An acquaintance recently observed that my conservative friends often tout past environmental achievements, but these days, they have done very little. I admit his “yeah, but what have you done lately” comment stung a bit. It contains some truth.
At least, it stung to the extent that many notable mainstream initiatives occurred between the ’50s and ’70s. This was the era of Northwest governors such as Hatfield, McCall and Evans. They were safeguarding coastal beaches, preserving farmland, setting aside unique public lands, promoting waste recovery and cleaning up waterways. These were truly historic accomplishments.
But then came the drought — a drought of environmental action. Now, one cause of this is that traditional conservative leadership has been out of power and less able to exercise influence — thus the drought. But I don’t believe that’s a satisfactory explanation and I certainly don’t want to offer an excuse for underperformance.
My fellow environmentalists tend to fall into one of two camps: Those content with resisting perceived excesses of the left; and those satisfied with labeling the right as “deniers.” Meanwhile, collective actions on behalf of the environment are neglected.
It wasn’t too long ago that conservation — the “wise use” of natural resources — was broadly accepted as a best management practice. Exploitation of natural resources was not considered a negative, rather, it was the waste of resources that was deemed unacceptable. This “waste not, need not” sentiment was broadly accepted and deeply engrained in American culture. It was the perspective of the “greatest generation.”
But then it happened — the politics of fear.
Environmental awareness in the ’60s was greatly heightened by various theories of pending catastrophes. Catastrophes such as overpopulation, exhaustion of critical resources, worldwide famines, pesticide poisoning, wildlife extinctions, nuclear war and even the return of the ice age. Books including Paul Ehrlich’s “The Population Bomb” and Rachael Carson’s “Silent Spring” were on every college student’s reading list. During this fearful time, environmentalism took a political swing and its most fervent adherents moved from the traditional recreational, wise-use perspectives to the more aggressive preservation, no-use mantras.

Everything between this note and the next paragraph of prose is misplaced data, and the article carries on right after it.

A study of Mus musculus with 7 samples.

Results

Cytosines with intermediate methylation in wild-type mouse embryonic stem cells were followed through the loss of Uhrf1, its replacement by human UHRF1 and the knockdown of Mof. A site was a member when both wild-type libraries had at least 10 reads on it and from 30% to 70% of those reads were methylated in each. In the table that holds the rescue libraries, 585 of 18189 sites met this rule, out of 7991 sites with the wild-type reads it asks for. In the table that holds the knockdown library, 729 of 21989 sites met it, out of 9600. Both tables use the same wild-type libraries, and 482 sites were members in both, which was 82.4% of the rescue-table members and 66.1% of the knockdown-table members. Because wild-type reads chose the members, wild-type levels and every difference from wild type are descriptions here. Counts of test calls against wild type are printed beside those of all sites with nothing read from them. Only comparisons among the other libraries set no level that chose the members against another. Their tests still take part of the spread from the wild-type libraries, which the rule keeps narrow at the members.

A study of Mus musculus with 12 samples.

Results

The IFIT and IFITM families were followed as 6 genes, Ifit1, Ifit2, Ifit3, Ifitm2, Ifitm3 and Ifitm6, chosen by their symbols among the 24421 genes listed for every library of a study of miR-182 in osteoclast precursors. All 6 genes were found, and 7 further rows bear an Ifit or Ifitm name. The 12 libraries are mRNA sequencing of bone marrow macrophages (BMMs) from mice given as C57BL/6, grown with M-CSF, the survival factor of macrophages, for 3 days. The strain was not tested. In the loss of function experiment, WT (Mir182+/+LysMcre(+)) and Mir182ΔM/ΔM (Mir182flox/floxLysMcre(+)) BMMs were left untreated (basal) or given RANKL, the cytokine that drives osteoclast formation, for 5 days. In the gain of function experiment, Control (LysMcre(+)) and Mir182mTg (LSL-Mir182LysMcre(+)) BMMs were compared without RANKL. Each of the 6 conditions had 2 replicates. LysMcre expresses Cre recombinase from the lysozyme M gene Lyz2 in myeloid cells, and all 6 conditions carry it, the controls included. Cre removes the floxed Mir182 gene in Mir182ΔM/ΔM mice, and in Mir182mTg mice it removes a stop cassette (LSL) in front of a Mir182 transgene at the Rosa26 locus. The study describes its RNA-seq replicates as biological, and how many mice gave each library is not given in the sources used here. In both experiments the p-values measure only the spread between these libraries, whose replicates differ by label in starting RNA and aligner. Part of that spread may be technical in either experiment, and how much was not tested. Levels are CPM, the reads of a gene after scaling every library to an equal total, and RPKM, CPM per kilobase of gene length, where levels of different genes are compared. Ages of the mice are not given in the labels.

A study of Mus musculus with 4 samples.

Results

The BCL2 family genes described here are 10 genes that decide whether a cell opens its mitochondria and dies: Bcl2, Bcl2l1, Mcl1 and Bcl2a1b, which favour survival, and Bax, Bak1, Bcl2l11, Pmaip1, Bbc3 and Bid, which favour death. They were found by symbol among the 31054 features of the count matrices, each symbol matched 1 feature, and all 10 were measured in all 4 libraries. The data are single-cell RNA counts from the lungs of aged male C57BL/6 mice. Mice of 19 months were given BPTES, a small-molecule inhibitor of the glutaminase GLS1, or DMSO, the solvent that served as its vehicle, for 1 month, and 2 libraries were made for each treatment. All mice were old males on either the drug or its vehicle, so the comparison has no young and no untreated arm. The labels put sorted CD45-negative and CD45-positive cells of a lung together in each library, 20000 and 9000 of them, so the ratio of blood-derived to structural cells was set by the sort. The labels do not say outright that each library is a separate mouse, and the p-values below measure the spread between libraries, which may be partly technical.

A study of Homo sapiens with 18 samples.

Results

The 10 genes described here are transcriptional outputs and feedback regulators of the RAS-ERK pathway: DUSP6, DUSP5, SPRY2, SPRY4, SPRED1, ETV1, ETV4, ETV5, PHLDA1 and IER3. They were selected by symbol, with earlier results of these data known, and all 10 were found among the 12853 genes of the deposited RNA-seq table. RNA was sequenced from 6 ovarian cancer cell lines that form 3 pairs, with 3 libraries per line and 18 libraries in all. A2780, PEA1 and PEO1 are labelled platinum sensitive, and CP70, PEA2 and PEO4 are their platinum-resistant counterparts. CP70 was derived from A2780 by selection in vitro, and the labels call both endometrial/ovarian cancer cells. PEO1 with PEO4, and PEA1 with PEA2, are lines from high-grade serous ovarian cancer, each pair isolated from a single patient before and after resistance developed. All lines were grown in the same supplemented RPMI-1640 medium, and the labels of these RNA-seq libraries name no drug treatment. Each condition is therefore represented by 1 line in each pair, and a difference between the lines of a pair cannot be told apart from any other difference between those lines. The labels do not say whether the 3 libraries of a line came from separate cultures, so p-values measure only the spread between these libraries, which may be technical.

The worst of Carson and Ehrlich’s predictions never came to pass. It was too late, however. The lines were drawn between the traditions of wise use and the new environmentalism based on fearful expectations.
While fear is a great motivator, it can also be a great divider. If we can agree on that, perhaps we can agree that there are environmental actions we know will strengthen our biosphere and make it better able to accommodate changing climatic conditions — irrespective of what may or may not be the causes.
What if we agree to focus on reforestation? Isn’t planting and managing growing forests a great way to sequester carbon dioxide and produce oxygen? Creating sustainable forests creates jobs and the fiber resources needed to house future generations. And, reducing the extent and frequency of forest fires would greatly reduce particulates from entering the atmosphere.
What if we get serious about cleaning up the Hanford Nuclear Reservation by safely and permanently disposing of nuclear waste? This means supporting a suitable repository where waste can be stored for thousands of years. It makes little sense in the era of terrorism to allow vulnerable waste storage to exist at hundreds of locations across our country.
What if we work with boaters and our Canadian friends in Victoria to eliminate raw-waste discharges in Puget Sound waters and the Strait of Juan de Fuca? What if we focus on water treatment infrastructure that affords cleaner and more efficient consumption of water? What if we promote the use of cleaner natural gas to power our ocean-going fleets and reduce the use of more polluting bunker fuels?
All of these initiatives have broad appeal deserving of collaboration. In the meantime, the left and the right can continue their love of identity politics. But the important work can still be done. Reasoned consensus can rise above divisive political status quo. A former president once quipped, “status quo, you know, is Latin for the mess we’re in.”
But, what if?
Terry Oxley is a member of The Olympian’s Board of Contributors. He is retired from the military and a communications career at Puget Sound Energy.